By Julia Gokalp
With the cold temperatures, chilling winds, and anticipation of winter break comes the end of the fall sports season. The fall sports teams, including cross country, football, field hockey, golf, tennis, volleyball, cheerleading, and soccer, cease to play games; at this time, many students post pictures of games on social media as the season’s change approaches.
However, the end of the season is not truly the end for these athletes since year-round training takes place in preparation for the season. Pre- and post-season workouts took place in many sports between last season and this one, and even without it, students trained in preparation for this year.
As an example, Alexa Giorgio, a sophomore on the varsity tennis team, has played tennis since elementary school. She spent six weeks over the summer playing tennis at a camp. She also took lessons in the winter when she was younger to improve her skills.
Those on the varsity football team also trained off-season, but their training was with the team. It began in January, and continued throughout the year, becoming frequent in summer.
Once the seasons commenced, so did more consistent and demanding training that led up to and prepared students for games. For the football team, drills varied from conditioning to sprinting to distance runs. The girls’ cross-country team ran 10 to 13 miles per day in order to build up stamina for their sole event, the 5k. The girls’ volleyball team, on the other hand, focused on both position-specific drills and team-oriented ones.
Naturally, all of this training was meant to prepare athletes for games and meets. The football team got off to a rough start with a loss in their first game, but by continuing to work hard, as varsity football player Andrew Kelly states, the team had “potential to be better later in the year.” The team improved throughout the season, improving their record and eventually reaching the playoffs.
The varsity field hockey team, which had a record of 13-5, faced a challenging year after losing four seniors, who were described by Jess Kusters, a sophomore who played on both varsity and JV, as “amazing and great leaders both on and off the field.” With the loss of those players, she commented, the season was more difficult. “But for all of this being said,” she commented, “we really did accomplish a lot and worked well together.”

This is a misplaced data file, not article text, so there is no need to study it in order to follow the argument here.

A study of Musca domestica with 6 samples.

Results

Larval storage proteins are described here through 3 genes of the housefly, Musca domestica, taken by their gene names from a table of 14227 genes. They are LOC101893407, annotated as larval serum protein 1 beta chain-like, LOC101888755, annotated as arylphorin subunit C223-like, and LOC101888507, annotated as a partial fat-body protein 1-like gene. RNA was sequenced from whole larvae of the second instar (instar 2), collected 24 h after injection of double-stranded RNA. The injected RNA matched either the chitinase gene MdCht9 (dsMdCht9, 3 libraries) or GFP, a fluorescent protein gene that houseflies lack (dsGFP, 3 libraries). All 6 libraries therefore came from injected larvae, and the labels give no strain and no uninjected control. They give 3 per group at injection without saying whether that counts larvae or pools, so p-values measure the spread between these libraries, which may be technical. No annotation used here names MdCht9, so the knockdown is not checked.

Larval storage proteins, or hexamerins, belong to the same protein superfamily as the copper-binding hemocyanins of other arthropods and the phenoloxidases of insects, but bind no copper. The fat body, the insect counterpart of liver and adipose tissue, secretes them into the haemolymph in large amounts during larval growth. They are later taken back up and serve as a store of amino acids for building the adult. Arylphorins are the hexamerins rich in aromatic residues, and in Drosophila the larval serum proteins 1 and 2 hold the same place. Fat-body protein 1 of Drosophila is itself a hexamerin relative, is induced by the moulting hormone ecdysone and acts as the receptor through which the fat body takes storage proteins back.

The athletes on various teams clearly cared about how well they did in competition with other schools, and some found their victories against other schools, difficulties transcended, and overall records to be memorable and something of which they should be proud. However, as hinted by Jess’s statement, cooperation between teammates and the family-like companionship was considered one of the more memorable aspects of the fall sports this season.
Sarah Caola, a member on both the girls’ JV and varsity volleyball teams, mentioned that, while the teams worked on improvement, “the girls supported one another on the team and always had each other[‘]s backs.” Regarding her supportive teammates, she added, “My favorite part of being on the team is hands down the girls. I am so close to each and every one of those intelligent, kind, beautiful girls, and [I am] beyond grateful to have them in my life.”
Jess Kusters also believes that her teammates were the most rewarding part of her sport, for as she mentioned, “I could call [them] my sisters and […] share[d] such great times with them throughout games, practice, and bus rides!”
The enthusiasm about one’s teammates spans more than just the two sports of field hockey and volleyball, for cooperation is necessary in order to be as successful as North’s teams were this season. The extent to which teammates cared for each other over all was evident wherever one could look- from social media to games to victorious moments to times when the athletes hung out together. This camaraderie combined with their sportsmanship and competitive spirit and will to win brought them far.